Hobby Master HA0147 Soviet Mikoyan-Gurevich MiG-21SMT "Fishbed-K" Fighter - Soviet Air Force Frontal Aviation Unit (1:72 Scale)
"Whether you like it or not, history is on our side. We will bury you!"
- First Secretary of the Communist Party of the Soviet Union Nikita Kruschev commenting on Capitalism
The MiG-21 saw frequent action in the Vietnam War and was one of the most advanced aircraft at the time. However, many North Vietnamese aces preferred flying the MiG-17, due to the high wing loading on the MiG-21's. With high wing loading, the MiG-21 was not as agile or manueverable as the MiG-17. Employing a delta wing configuration, it was the first successful Soviet aircraft combining fighter and interceptor in a single aircraft. It was a lightweight fighter, achieving Mach 2 speed using a relatively low-powered afterburning turbojet, and is thus comparable to the American F-104 Starfighter and French Dassault Mirage III.
It was also used extensively in the Middle East conflicts of the 1960s and 1970s, by the air forces of Egypt, Syria and Iraq against Israel. The plane was outclassed by the more modern F-15 Eagle (designed primarily to combat the Soviet MiG-25 "Foxbat"), which was acquired by Israel in the 1970s. The Indian Air Force has been one of the largest users of this plane after it was used in the 1971 war with good results. The war also witnessed the first supersonic air combat in the subcontinent when a MiG-21 shot down a F-104 Starfighter. It was also used as late as 1999 in the Kargil War with mixed results, and employed during the early stages of the Soviet invasion of Afghanistan, but was soon outclassed by the newer MiG-23 and MiG-27.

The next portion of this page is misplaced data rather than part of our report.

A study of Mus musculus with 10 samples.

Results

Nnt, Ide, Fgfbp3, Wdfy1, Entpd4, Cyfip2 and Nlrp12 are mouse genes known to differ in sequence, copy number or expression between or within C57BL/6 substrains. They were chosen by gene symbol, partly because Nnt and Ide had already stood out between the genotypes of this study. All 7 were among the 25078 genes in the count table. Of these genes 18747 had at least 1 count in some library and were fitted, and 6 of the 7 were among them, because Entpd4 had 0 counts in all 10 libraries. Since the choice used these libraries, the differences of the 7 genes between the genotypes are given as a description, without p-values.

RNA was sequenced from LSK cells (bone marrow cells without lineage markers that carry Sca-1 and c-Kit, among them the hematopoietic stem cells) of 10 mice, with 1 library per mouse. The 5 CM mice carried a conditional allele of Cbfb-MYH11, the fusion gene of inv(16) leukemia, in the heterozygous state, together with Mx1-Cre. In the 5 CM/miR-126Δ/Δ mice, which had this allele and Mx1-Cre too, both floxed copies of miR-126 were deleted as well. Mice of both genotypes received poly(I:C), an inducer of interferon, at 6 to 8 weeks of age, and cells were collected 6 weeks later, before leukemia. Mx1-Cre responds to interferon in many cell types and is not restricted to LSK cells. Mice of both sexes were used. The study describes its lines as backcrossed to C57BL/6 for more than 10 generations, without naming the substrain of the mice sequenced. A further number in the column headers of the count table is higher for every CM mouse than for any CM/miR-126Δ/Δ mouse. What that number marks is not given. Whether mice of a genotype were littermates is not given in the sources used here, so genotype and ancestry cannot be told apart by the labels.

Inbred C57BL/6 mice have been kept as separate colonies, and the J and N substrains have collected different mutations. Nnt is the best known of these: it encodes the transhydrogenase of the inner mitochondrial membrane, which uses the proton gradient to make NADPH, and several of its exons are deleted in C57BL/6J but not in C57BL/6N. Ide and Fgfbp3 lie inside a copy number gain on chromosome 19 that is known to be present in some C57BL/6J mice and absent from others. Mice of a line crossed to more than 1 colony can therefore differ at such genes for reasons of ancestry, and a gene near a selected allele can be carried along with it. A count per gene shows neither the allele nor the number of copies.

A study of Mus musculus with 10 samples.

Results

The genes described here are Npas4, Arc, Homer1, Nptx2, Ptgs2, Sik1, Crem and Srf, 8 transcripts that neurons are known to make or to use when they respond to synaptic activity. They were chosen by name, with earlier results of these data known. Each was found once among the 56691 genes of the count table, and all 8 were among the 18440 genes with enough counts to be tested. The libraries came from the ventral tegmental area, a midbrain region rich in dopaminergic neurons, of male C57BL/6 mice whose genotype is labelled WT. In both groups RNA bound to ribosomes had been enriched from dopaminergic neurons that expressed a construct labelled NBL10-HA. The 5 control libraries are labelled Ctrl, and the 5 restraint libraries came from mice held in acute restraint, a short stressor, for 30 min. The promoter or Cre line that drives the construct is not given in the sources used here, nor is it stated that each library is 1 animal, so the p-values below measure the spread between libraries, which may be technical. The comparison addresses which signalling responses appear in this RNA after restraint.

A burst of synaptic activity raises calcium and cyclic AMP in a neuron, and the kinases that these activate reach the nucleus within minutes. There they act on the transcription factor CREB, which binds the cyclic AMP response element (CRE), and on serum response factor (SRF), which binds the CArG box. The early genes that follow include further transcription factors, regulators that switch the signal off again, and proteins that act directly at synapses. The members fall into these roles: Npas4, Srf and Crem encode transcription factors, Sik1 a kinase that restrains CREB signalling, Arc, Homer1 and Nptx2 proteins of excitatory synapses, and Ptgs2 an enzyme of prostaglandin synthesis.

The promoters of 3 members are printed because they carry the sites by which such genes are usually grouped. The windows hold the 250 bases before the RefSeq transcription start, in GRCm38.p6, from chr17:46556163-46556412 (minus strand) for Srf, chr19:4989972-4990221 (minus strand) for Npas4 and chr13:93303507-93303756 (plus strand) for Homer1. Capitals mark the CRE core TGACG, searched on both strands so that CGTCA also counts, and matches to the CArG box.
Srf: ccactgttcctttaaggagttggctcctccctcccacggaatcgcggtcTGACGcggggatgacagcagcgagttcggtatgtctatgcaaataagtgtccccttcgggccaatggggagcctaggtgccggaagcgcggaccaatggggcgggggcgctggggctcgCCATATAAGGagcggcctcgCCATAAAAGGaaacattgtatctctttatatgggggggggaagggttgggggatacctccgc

Due to the lack of available information, early details of the MiG-21 were often confused with those of the similar Sukhoi fighters also under development. Jane's All the World's Aircraft 1960-1961 describes the "Fishbed" as a Sukhoi design, and uses an illustration of the Su-9 "Fishpot." MiG-21SMT. A development of the MiG-21SM, the MiG-21SMT featured increased fuel capacity. This variant is easily spotted thanks to its larger spine. The designation is derived from S = Sapfir (referring to the Sapfir-21/RP-22 radar). M = Modernizirovannyy ("Modernised") T = Toplivo ("Fuel," referring to increased fuel capacity)
This particular 1:72 scale replica of a MiG-21SMT served with a Soviet Air Force Frontal Aviation Unit during the Cold War.
Release Date: August 2011
Historical Account: "Starburst" - After World War II, the Soviet Air Force was rearmed, strengthened and modern air doctrines were introduced. At its peak in the 1980s, it could deploy approximately 10,000 aircraft, and at the beginning of the 1990s the Soviet Union had an air force that in terms of quantity and quality fulfilled superpower standards.
During the Cold War, the VVS was divided into three segments: Strategic Aviation (
Dal'naya Aviatsiya or 'DA'), focused on long-range bombers; Frontal Aviation (Frontovaya Aviatsiya or 'FA'), focused on battlefield air defense, close air support, and interdiction; and Military Transport Aviation (Voenno-Transportnaya Aviatsiya or 'VTA'), which controlled all transport aircraft. The Air Defense Forces (Voyska protivovozdushnoy oborony or Voyska PVO), which focused on air defense and interceptor aircraft, was then a separate and distinct service within the Soviet military organization. A list of units and bases can be found here.
On September 1st, 1983, the Soviet Air Force shot down Korean Air Flight 007 after they correctly believed that the civilian airliner had illegally crossed into restricted Soviet airspace but mistook it for a spy plane. Previously Korean Airlines had once crossed into Kamchatka airspace, and had to make a emergency landing when a Air Force MiG fired on it. Soviet government officials finally admitted their mistake much to the anger of the South Korean and the United States governments.
The Russian Navy has its own independent air arm as well, the Naval Aviation (
Aviatsiya Voenno Morskogo Flota or 'AV-MF').